This week we feature saxophonist Abigail Neale, who was a member of the JAZZ.FM91 Youth Big Band in 2010 – 2011.
A Toronto native, Neale is a saxophonist, clarinetist, flautist, composer, and arranger who is currently completing the final year of her Bachelor of Music degree at Humber College. She has received a number of awards including the St. John’s Music Award, the Moe Koffman Universal Music Award, and the Dave Stillwell Arranging Award.
Her teachers have included Alex Dean, Nick Morgan, Pat LaBarbera, and Mark Promane and she has performed with Robert Pilon, Doc Severinsen, and Bucky Pizzarelli. An emerging artist on the Toronto music scene, Abigail leads the chamber jazz group Transcendental, and the Abigail Neale Quintet, both of which feature her original compositions and arrangements.
Abigail shares her memories of the Youth Big Band experience and provides an update on her current activities:
1) Describe your experience with the Youth Big Band program. What was your favourite aspect?
My favourite aspect of the program includes all of the amazing experiences getting to meet, perform, and connect with inspiring guest musicians and music educators, such as Bucky Pizzarelli, Kelly Jefferson, Alex Dean, and Andy Ballantyne to name a few.
2) What is your strongest memory of the Youth Big Band program? Are there any funny stories or incidents that come to mind?
There are so many fond memories of my Youth Big Band experience, the strongest being the friends I made in the band. In particular, the saxophone section was a fun bunch of guys to hang and play with. I remember every so often when the music was too easy or they were bored, they would play everything up a semitone from the band. It was really funny, and as much as I would’ve liked to join in on the fun, I felt that I was sort of the moderator for the section, trying to keep silly shenanigans to a minimum.
3) Would you recommend this experience to other young musicians?
I would definitely recommend the experience to aspiring young musicians. There isn’t anything quite like this program in Toronto. Not only do you get an enriched opportunity to play music, but you’re in a very supportive environment that constantly challenges your abilities and allows you to play with many great musicians and work with clinicians that are there to help you be your best.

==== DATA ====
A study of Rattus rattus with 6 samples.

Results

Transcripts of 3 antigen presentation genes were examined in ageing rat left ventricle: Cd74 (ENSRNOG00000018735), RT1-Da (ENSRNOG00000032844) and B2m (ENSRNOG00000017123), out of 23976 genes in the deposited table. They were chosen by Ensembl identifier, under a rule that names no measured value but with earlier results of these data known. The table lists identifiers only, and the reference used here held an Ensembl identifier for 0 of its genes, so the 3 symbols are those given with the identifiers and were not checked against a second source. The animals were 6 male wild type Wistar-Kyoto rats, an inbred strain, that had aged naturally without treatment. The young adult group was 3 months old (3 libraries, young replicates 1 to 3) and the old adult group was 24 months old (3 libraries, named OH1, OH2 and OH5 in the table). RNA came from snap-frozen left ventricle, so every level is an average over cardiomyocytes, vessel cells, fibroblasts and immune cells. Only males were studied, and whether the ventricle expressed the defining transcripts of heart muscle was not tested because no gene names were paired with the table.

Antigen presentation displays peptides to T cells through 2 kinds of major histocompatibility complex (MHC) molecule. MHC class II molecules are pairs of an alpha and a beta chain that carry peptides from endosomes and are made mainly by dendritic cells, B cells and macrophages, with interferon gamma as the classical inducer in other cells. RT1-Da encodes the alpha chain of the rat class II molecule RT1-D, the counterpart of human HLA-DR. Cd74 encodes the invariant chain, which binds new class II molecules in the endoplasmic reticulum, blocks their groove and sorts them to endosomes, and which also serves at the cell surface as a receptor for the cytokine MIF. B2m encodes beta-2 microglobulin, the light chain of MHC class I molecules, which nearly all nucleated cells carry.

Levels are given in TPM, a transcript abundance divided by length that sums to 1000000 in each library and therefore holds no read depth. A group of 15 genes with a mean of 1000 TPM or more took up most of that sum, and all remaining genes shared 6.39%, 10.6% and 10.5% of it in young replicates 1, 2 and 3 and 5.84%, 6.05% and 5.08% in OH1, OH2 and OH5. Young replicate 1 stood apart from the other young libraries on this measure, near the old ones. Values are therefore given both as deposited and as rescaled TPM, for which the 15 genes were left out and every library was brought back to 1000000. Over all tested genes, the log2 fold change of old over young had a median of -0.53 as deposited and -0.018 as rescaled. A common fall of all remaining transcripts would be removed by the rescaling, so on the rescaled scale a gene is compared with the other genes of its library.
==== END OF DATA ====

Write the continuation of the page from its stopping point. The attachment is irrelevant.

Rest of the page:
4) How has this experience helped in your personal and professional development?
The Youth Big Band experience helped develop my musicianship at a young age. More specifically, it helped me learn the nuances of section playing in a big band, which has lent itself to many other big band playing experiences since leaving the JAZZ.FM91 Youth Big Band.
5) This program is made possible by our generous donors and sponsors who strongly believe in the importance of arts education initiatives. If you had the opportunity to thank them in person, what would you say?
Thank you so much for your generous support! Your donation and sponsorship goes a long way in giving an unbelievable music education that has ultimately influenced my life and career as well as enriched the lives of so many young people with the privilege of an arts education.
6) Why is music education important?
It is important to cultivate music creativity in young minds because this type of education goes beyond learning music; music education promotes teamwork, self-awareness, perseverance, a strong work ethic, and so much more through music. Not only that, but music is an outlet that can expand our minds and thoughts through creative expression.
7) Since participating in the program, what have you been doing?
I have been studying saxophone, woodwinds, composition, and arranging at Humber College. The past three years I have worked in many pit bands/orchestras for local theatre productions with The Lower Ossington Theatre (Avenue Q, The Rocky Horror Picture Show, Shrek the Musical, Little Shop of Horrors, & Hair the Musical), Scarborough Theatre Company (The Wizard of Oz) and the Harold Green Jewish Theatre Company (Stars of David). I’ve also been pushing my own music and gigging around the Toronto area with the Abigail Neale Quintet, and most recently, I’ve been recording my original compositions at Humber’s Recording Studio with my jazz infused chamber group, Transcendental.
8) What music are you listening to at the moment that you find particularly inspiring?
Right now I’m checking out Igor Stravinsky and Bela Bartok. 20th century music, including orchestral and chamber music, sounds so beautiful to me and it is inspiring me to think and compose in new ways.
9) What are your plans for the future?
I’m excited to be working in the studio this year with Transcendental and recording an EP of my original compositions and arrangements. I would love to take things even further with the group in the future and eventually apply for a grant to do a full album and tour for a bit.
Transcendental will be having its debut performance on November 13 @ Array Space (155 Walnut Ave), 8-9pm. Come on out to hear me perform some original chamber jazz compositions with some very talented musicians. I’m also performing with saxophonist Donny McCaslin, April 1, 2015, 8pm at Humber College Lakeshore Campus. As a long term career goal, it would be a dream come true to play in a professional pit orchestra for a theatre production, which I plan to practice hard towards so that I’ll be ready when the opportunity arises.
10) How can people learn more about you and your activities?
11) Is there anything else that you want to add?
Thank you to JAZZ.FM91 for their continued support, and a shout-out to Jules Estrin, who does a great job leading the JAZZ.FM91 Youth Big Band each year!